NEW YORK (CBSNewYork) — Yelp is trying to ease consumers’ worries about posting a negative review of a business online.
CBS2’s Alice Gainer reported Yelp issued a new type of consumer alert of the pages of businesses that have threatened customers with legal action.
The alert reads in part: “This business may be trying to abuse the legal system in an effort to stifle free speech. Reviewers who share their experiences have a First Amendment right to express their opinions on Yelp.”
Last summer, Dr. Nima Dayani, an endodontist, filed a defamation lawsuit against a reviewer after the patient called the doctor “curt” and “dismissive,” said there was a long wait time and gave a three-star review. However, the reviewer also stated the doctor was genuinely interested in finding a cause of the pain.
It wasn’t the first time Dayani sued a reviewer.
In a statement, Dayani said he readily accepts criticism, but when he sees a review that contains an assertion that he says is not true, he first asks the reviewer to take it down, and if they don’t, then he takes legal action.
Dayani’s listing on Yelp is the third to get this kind of consumer alert.
A Texas pet sitting service and a Florida moving company also have them. Michelle Douchouquette and her husband were sued when Prestigious Pets in Dallas said the couple violated a non-disparagement clause.
“When I say it out loud, saying I’m getting sued up to $1 million over this review, I can’t believe it,” she said. “I don’t think it was hateful. It didn’t have bad intent. It’s my opinion of a business.”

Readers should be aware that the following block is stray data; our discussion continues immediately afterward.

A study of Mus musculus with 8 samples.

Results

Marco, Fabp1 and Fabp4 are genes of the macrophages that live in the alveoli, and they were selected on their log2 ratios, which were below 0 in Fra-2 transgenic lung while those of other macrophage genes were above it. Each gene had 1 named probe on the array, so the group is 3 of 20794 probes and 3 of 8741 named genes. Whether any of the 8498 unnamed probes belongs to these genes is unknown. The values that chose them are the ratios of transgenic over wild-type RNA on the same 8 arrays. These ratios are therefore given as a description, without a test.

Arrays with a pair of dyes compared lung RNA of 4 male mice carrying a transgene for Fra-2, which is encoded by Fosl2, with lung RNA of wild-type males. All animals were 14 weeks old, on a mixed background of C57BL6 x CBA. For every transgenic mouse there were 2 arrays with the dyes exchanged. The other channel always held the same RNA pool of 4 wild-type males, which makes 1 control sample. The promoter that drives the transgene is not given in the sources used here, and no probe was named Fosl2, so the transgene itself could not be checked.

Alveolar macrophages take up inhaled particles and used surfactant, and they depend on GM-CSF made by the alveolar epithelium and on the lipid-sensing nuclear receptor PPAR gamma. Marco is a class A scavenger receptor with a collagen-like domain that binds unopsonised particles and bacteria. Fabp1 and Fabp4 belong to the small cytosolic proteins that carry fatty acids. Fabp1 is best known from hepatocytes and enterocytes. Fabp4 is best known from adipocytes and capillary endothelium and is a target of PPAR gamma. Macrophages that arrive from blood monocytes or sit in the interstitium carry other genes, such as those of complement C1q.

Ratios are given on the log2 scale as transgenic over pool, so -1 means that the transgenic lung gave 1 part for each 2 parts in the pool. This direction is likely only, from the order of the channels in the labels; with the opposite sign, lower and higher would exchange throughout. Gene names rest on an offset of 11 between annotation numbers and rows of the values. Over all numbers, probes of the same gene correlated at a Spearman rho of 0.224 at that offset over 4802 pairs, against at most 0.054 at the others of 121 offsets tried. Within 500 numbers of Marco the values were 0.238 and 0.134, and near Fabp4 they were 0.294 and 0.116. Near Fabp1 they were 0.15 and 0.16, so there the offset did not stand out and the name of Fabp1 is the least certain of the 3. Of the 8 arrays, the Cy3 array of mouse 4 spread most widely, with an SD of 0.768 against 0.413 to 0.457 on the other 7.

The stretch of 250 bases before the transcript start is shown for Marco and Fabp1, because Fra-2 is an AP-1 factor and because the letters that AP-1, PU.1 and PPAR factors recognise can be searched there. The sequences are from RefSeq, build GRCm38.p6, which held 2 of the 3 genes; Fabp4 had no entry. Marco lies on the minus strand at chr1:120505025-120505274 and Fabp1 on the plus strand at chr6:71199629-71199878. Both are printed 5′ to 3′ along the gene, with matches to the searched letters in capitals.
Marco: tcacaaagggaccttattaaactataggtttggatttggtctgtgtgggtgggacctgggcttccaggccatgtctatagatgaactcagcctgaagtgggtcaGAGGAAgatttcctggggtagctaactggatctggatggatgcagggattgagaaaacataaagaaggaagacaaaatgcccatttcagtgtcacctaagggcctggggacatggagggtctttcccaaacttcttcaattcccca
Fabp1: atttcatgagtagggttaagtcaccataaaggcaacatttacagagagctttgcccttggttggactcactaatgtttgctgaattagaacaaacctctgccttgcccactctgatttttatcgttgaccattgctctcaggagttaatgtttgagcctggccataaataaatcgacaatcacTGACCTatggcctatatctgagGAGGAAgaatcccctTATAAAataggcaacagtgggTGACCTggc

Civil rights attorney Normal Siegel said what Yelp is doing is a good thing.
“We need to encourage people to speak their mind,” Siegel said.
However, Siegel added that reviewers must be stating the “absolute truth.”
“When you’re speaking your mind make sure what you’re saying is the absolute truth,” he said. “It it’s not truthful, they do run a risk that a business can claim their reputation has been injured and they could bring a defamation lawsuit, although it’s hard to win a defamation lawsuit.”
Siegel also said that Yelp should change its wording of the alerts and take out First Amendment.
“Because the First Amendment is only applicable to government action, so when you’re dealing with a private business the First Amendment doesn’t kick in,” he said. “What kicks in is our concept of the right to express yourself.”
Two bills have been introduced in Congress: the “Right to Yelp Bill,” also known as the Consumer Review Fairness Act, and the Speak Free Act. It would prevent businesses from suing over negative reviews.